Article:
On June 23rd, a friend posted about a mother of six at her church in Philadelphia who was dying of Inflammatory Breast Cancer. She said the family thought she had about two weeks to live and linked to Punk Rock Mommy. I was intrigued by the name of the blog, the fact that she was suffering from IBC -- an aggressive form of breast cancer I had only recently become aware of through Susan at Toddler Planet -- and because my mother also has terminal, stage-IV cancer. So I began to read the blog that very day.
I became engrossed in Andrea's words. She had a raw, no-nonsense yet lyrical way of writing about facing death. She was open about the physical, emotional, and spiritual aspects of accepting your own death. She was heartbreaking in one sentence and funny in the next. She didn't shy away from gallows humor. She was straight forward about her urgent need to be with her children, her husband and her inner-circle of friends, even if it meant saying no to well-intentioned would-be visitors. She joked about death being inconvenient and admitted she was jealous her husband would get a big master bedroom all to himself.
Every day since the 23rd, I would reload her site multiple times to see if she had updated. When she didn't update, I read posts in her archive, looked at the photos in her Flickr set and prayed for her and her family.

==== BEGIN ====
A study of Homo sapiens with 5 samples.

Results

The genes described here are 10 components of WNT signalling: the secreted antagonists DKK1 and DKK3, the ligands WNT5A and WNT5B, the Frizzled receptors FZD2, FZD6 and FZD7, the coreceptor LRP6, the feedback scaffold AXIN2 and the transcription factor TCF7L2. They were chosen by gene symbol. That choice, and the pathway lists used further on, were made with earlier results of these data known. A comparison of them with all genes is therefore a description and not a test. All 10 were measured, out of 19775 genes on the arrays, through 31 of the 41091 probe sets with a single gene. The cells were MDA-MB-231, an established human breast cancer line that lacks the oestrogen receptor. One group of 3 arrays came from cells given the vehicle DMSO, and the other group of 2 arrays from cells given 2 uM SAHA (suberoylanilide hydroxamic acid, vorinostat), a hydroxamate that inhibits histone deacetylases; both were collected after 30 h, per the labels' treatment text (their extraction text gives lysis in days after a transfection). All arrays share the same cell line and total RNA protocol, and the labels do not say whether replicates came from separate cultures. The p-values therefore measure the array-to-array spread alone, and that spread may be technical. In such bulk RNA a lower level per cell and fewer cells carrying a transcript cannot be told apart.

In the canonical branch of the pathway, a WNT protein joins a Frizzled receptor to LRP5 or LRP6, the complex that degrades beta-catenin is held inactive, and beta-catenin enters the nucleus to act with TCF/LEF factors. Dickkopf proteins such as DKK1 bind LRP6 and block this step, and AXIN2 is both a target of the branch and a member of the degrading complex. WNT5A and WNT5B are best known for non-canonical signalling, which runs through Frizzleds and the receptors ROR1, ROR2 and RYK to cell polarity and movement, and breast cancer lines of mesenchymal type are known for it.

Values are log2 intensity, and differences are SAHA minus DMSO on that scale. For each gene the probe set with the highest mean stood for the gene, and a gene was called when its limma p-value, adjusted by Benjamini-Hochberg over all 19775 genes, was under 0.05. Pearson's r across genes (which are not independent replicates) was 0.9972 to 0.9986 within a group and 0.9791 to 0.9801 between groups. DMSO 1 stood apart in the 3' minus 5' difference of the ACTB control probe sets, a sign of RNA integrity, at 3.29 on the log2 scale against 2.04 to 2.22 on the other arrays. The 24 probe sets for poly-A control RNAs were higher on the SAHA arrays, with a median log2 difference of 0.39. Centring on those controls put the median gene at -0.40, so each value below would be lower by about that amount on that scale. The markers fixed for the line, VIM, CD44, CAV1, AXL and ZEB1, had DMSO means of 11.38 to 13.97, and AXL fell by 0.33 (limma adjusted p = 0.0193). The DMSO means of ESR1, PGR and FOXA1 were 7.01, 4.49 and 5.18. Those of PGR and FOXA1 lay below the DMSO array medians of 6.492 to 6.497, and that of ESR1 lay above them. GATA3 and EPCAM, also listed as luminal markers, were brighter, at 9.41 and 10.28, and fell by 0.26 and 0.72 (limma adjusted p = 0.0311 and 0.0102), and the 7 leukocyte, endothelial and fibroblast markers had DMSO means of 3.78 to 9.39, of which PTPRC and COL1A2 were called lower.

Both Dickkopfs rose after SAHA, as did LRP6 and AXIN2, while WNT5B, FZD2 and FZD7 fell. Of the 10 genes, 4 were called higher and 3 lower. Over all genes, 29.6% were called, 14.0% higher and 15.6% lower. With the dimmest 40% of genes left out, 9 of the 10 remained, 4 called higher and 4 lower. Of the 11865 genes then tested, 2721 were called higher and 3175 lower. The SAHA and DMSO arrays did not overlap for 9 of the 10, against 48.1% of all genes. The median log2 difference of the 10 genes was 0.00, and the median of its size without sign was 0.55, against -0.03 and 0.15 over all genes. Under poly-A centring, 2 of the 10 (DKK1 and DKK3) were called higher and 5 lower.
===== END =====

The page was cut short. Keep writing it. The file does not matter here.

On the 5th of July, after a day out with the kids, I came home and reloaded her blog. I saw the photo of a lit candle and just knew she had died. But what's amazing is that she left one final post for her husband to publish. It is one of the most powerful things I've ever read. Andrea's dying declarations challenge us not to be petty or spiteful. She thanks God for the final year she had with her family, even though it was it was so painful. Read her words yourself; they're heartbreakingly beautiful.
I'm so thankful I was able to follow Andrea while she was still alive. I am grateful that she gave me insights on what it's like for my mother to face a disease that is killing her. Thank you, Andrea, for everything. I'll miss your words and wisdom.